Digital Markets Act: EU Starts Probe Into Apple, Meta, Google Under New Digital Law


The suite of probes announced are the first under the EU’s Digital Markets Act law, which took effect earlier this month. 

The DMA has categorized six major tech firms — Alphabet, Amazon, Apple, ByteDance, Meta, and Microsoft — as gatekeepers, mandating their adherence to specific provisions to boost more competition in digital markets, including allowing third-party app stores.

The European Commission announced five investigations into Apple, Google, and Meta’s compliance with the DMA, with completion expected within 12 months. (Also Read: iPhone 14, iPhone 14 Plus Get Price Cuts In India On Flipkart, Starting At Rs 56,999)

Apple and Alphabet (Google’s parent company) will undergo EU scrutiny regarding how they enable app developers to shift consumers to third-party app stores without charges. Adding further, the European Union will also examine changes that Google made to how its search results appear in Europe. 

Another investigation will focus on Apple’s adherence to rules facilitating the easy removal of apps and changes to default settings on iPhones, along with how the company presents choice screens for alternative search engines and browsers.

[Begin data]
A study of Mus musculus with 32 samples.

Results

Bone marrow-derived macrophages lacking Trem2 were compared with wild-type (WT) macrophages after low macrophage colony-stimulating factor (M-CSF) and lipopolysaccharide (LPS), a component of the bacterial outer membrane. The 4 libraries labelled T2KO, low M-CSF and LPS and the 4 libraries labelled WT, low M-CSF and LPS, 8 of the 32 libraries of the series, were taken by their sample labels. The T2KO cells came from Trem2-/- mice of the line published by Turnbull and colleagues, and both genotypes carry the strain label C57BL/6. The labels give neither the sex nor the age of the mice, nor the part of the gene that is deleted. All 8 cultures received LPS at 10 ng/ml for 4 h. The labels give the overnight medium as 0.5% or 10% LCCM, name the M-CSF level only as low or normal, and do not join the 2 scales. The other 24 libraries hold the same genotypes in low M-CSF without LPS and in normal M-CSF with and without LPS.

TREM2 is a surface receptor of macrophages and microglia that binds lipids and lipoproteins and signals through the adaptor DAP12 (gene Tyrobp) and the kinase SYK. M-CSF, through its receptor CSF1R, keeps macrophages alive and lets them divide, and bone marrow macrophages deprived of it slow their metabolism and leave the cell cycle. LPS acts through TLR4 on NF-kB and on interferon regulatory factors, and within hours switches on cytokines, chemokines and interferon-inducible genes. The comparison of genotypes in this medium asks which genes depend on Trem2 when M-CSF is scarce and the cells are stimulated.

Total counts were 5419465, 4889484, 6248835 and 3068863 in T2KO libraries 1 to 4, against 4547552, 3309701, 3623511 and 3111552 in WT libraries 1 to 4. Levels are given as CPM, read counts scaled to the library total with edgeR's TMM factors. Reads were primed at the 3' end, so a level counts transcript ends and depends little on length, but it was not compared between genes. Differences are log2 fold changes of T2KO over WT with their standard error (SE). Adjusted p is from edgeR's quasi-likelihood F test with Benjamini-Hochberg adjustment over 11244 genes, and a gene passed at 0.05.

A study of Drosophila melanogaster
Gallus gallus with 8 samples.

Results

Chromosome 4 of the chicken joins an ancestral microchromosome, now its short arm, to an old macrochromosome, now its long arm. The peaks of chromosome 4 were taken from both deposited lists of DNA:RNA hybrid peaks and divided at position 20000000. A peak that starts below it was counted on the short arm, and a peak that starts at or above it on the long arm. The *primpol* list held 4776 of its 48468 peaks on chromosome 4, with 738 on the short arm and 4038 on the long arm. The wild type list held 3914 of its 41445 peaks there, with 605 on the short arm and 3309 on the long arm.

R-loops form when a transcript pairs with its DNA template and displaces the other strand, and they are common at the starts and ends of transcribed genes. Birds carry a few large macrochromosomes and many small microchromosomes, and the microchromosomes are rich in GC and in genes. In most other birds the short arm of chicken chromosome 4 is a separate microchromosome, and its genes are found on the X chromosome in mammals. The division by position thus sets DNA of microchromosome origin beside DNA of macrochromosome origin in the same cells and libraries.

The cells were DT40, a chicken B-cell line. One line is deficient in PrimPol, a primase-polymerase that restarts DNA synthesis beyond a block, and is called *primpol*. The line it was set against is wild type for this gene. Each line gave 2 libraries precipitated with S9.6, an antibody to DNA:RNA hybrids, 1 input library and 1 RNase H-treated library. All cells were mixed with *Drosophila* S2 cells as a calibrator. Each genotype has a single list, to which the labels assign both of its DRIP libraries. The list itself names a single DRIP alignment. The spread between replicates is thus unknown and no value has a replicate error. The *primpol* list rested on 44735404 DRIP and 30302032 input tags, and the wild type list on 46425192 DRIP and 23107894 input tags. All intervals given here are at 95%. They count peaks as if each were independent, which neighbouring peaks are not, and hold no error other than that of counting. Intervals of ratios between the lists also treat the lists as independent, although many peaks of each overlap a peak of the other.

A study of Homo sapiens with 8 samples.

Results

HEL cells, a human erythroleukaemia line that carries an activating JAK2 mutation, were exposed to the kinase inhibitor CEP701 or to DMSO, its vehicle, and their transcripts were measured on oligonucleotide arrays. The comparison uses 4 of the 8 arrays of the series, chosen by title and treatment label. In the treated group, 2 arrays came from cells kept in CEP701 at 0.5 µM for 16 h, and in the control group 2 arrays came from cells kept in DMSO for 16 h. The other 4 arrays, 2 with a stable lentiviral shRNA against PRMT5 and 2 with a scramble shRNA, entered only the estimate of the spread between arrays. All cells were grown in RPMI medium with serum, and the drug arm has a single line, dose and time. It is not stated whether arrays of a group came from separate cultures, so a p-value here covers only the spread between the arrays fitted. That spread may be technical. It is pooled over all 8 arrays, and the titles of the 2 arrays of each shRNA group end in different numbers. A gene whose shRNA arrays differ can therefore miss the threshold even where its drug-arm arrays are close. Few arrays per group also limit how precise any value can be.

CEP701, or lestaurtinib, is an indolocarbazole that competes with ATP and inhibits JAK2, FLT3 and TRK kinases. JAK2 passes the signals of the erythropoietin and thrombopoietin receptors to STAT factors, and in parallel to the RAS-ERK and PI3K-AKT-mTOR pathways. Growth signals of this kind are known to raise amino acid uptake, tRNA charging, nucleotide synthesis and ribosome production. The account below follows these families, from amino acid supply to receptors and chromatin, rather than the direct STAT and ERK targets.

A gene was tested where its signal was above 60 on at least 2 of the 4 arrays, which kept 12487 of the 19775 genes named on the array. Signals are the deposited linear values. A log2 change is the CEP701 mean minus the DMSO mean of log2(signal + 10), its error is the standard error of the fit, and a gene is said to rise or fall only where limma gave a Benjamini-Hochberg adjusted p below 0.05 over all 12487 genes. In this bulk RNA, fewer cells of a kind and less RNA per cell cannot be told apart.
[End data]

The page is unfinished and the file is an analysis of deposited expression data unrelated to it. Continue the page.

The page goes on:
Meta’s ‘pay or consent’ model, requiring users to pay for data protection and ad-free experiences on Facebook and Instagram, will also be examined.

The EU’s recent law, effective this month, mandates major tech companies to follow numerous new rules, aiming to enhance competition from smaller entities in digital advertising, online search, and app ecosystems.

Earlier, the Wall Street Journal reported on Wednesday that Apple, the tech giant, plans to add new fees and restrictions for third-party software downloads outside its App Store. (Also Read: Tesla CEO Elon Musk Thought That OpenAI Would Fail: OpenAI CE0 Sam Altman)

This development follows the enforcement of the Digital Markets Act (DMA) by the European Union, aimed at targeting the market clout of big technology companies and making it easier for people to move between competing services.